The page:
Dole Plan's Cost: $1 trillion

The Joint Committee on Taxation today estimated that GOP presidential nominee Bob Dole's huge tax cut plan would slash federal revenues by $1.1 trillion over 10 years, possibly costing the government 6 percent of the income it would have gotten over that period.

Republicans quickly tried to use the JCT figure to contrast Dole's tax cut plan with the one President Clinton presented. The JCT this week said Clinton's plan would raise taxes by $64 billion through FY2006 -- in part because its tax cuts expire in 2000 but the offsets are permanent.

"The 10-year estimate of the Dole plan contrasts sharply with the 10-year estimate of the Clinton tax plan," House Ways and Means Chairman Bill Archer, R-Texas, said in a statement. "While the Clinton budget calls for a tax hike, the Dole plan calls for a tax cut. The two plans represent very different government philosophies."

But a Ways and Means Democratic aide said the JCT estimate shows Dole's plan is "a budget buster" and warned Medicare and Social Security will have to be slashed to help offset the $1.1 trillion cost. "If that's the case, clearly the Republicans plan to put Medicare and Social Security on the chopping block next year," the Democratic spokeswoman said. "It's too big not to hit those things."

Archer's statement said Clinton's budget projects the government is expected to raise revenues of $18.2 trillion over 10 years -- and the estimated $1.1 trillion cost of Dole's plan is 6 percent of that. The JCT said Dole's proposed 15 percent across-the-board tax cut would cost $812 billion over 10 years.

Stay up-to-date with federal news alerts and analysis — Sign up for GovExec's email newsletters.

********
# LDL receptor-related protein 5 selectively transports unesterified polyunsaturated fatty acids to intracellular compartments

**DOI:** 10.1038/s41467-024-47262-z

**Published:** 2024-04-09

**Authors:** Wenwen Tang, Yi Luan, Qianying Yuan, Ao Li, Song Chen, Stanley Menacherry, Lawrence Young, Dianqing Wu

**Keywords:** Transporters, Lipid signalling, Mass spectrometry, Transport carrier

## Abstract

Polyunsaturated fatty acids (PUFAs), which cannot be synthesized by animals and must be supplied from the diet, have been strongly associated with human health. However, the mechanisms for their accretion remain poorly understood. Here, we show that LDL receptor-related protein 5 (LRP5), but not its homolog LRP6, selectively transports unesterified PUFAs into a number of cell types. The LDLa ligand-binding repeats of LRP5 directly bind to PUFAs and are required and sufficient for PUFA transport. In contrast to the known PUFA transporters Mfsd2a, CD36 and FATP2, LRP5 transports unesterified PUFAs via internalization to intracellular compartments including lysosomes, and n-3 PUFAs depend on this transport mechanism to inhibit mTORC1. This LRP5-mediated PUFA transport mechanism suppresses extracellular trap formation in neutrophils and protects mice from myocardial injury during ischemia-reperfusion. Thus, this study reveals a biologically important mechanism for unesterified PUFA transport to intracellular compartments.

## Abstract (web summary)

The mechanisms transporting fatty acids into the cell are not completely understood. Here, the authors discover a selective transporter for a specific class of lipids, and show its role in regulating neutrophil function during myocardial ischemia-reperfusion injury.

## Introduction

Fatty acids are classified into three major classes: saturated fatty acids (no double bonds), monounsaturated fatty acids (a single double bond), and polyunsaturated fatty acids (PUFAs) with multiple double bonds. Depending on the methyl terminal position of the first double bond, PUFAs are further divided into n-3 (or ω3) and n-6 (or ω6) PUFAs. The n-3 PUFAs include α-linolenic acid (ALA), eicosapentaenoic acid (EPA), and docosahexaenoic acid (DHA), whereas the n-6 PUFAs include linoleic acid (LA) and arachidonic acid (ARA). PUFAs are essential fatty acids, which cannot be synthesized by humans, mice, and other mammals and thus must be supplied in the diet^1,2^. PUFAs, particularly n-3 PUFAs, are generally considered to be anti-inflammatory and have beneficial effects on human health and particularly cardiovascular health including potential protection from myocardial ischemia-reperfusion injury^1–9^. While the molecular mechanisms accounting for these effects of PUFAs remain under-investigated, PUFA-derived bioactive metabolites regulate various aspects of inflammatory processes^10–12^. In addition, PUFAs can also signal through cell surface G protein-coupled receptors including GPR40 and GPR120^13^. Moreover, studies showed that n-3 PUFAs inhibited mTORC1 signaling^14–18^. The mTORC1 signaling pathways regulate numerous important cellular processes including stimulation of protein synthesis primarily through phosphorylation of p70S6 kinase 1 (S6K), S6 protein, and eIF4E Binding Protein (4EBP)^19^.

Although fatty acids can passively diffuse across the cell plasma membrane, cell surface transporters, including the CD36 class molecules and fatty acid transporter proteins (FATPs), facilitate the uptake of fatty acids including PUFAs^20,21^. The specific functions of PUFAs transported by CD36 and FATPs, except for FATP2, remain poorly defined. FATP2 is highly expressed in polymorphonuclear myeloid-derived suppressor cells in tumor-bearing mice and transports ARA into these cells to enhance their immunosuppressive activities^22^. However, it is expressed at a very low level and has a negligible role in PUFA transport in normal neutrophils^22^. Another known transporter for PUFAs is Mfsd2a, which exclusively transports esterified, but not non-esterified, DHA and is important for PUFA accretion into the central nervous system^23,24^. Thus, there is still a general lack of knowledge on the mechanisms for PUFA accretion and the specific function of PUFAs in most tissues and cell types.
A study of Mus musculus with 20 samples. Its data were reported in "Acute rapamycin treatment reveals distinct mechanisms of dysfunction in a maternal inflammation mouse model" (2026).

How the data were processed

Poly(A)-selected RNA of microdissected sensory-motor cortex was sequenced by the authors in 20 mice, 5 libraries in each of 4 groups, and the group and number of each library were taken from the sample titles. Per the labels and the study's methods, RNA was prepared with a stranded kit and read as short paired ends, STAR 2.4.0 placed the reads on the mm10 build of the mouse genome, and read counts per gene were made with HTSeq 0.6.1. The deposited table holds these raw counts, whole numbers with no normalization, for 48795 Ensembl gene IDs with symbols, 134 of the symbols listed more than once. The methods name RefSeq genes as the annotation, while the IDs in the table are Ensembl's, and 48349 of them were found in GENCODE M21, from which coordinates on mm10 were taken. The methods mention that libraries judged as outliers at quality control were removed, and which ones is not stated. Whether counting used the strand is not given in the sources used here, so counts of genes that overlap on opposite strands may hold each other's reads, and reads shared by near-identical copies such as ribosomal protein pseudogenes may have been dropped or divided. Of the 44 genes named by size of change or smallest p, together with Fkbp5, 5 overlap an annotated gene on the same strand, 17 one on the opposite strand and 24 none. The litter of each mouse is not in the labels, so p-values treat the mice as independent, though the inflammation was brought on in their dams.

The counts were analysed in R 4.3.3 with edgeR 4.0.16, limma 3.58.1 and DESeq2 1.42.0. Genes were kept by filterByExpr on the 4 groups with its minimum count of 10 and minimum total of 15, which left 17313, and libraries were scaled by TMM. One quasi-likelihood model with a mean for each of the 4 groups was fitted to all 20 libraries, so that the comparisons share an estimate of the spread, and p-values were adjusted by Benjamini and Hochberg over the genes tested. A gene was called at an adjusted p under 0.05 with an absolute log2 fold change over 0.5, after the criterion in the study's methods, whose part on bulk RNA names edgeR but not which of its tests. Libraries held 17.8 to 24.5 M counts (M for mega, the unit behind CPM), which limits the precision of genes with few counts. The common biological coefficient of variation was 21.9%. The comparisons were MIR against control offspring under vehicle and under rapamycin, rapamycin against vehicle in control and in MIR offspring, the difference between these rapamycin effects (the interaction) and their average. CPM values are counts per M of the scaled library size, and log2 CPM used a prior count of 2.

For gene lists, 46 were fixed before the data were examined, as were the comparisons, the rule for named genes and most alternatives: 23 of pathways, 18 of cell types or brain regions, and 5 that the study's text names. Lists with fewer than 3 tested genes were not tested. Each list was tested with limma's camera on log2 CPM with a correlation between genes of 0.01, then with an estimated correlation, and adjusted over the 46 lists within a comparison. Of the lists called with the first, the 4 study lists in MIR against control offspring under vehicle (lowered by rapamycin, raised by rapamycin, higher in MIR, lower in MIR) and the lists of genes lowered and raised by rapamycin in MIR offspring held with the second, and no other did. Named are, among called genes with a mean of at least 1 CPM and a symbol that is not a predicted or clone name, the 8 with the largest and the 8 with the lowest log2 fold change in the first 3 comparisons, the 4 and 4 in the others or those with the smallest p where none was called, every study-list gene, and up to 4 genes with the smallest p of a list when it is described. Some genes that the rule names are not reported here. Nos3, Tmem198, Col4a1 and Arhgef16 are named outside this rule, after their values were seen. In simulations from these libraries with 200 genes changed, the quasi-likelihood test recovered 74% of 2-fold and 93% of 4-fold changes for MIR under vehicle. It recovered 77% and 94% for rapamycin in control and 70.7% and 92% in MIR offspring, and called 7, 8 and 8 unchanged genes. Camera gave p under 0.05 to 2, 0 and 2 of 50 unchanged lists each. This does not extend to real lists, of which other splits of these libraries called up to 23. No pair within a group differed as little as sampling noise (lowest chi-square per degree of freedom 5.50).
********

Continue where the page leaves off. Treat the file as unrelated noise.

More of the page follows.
FROM OUR SPONSORS
JOIN THE DISCUSSION
Close [ x ] More from GovExec
 
 

Thank you for subscribing to newsletters from GovExec.com.
We think these reports might interest you:

  • Forecasting Cloud's Future

    Conversations with Federal, State, and Local Technology Leaders on Cloud-Driven Digital Transformation

    Download
  • The Big Data Campaign Trail

    With everyone so focused on security following recent breaches at federal, state and local government and education institutions, there has been little emphasis on the need for better operations. This report breaks down some of the biggest operational challenges in IT management and provides insight into how agencies and leaders can successfully solve some of the biggest lingering government IT issues.

    Download
  • Communicating Innovation in Federal Government

    Federal Government spending on ‘obsolete technology’ continues to increase. Supporting the twin pillars of improved digital service delivery for citizens on the one hand, and the increasingly optimized and flexible working practices for federal employees on the other, are neither easy nor inexpensive tasks. This whitepaper explores how federal agencies can leverage the value of existing agency technology assets while offering IT leaders the ability to implement the kind of employee productivity, citizen service improvements and security demanded by federal oversight.

    Download
  • IT Transformation Trends: Flash Storage as a Strategic IT Asset

    MIT Technology Review: Flash Storage As a Strategic IT Asset For the first time in decades, IT leaders now consider all-flash storage as a strategic IT asset. IT has become a new operating model that enables self-service with high performance, density and resiliency. It also offers the self-service agility of the public cloud combined with the security, performance, and cost-effectiveness of a private cloud. Download this MIT Technology Review paper to learn more about how all-flash storage is transforming the data center.

    Download
  • Ongoing Efforts in Veterans Health Care Modernization

    This report discusses the current state of veterans health care

    Download

When you download a report, your information may be shared with the underwriters of that document.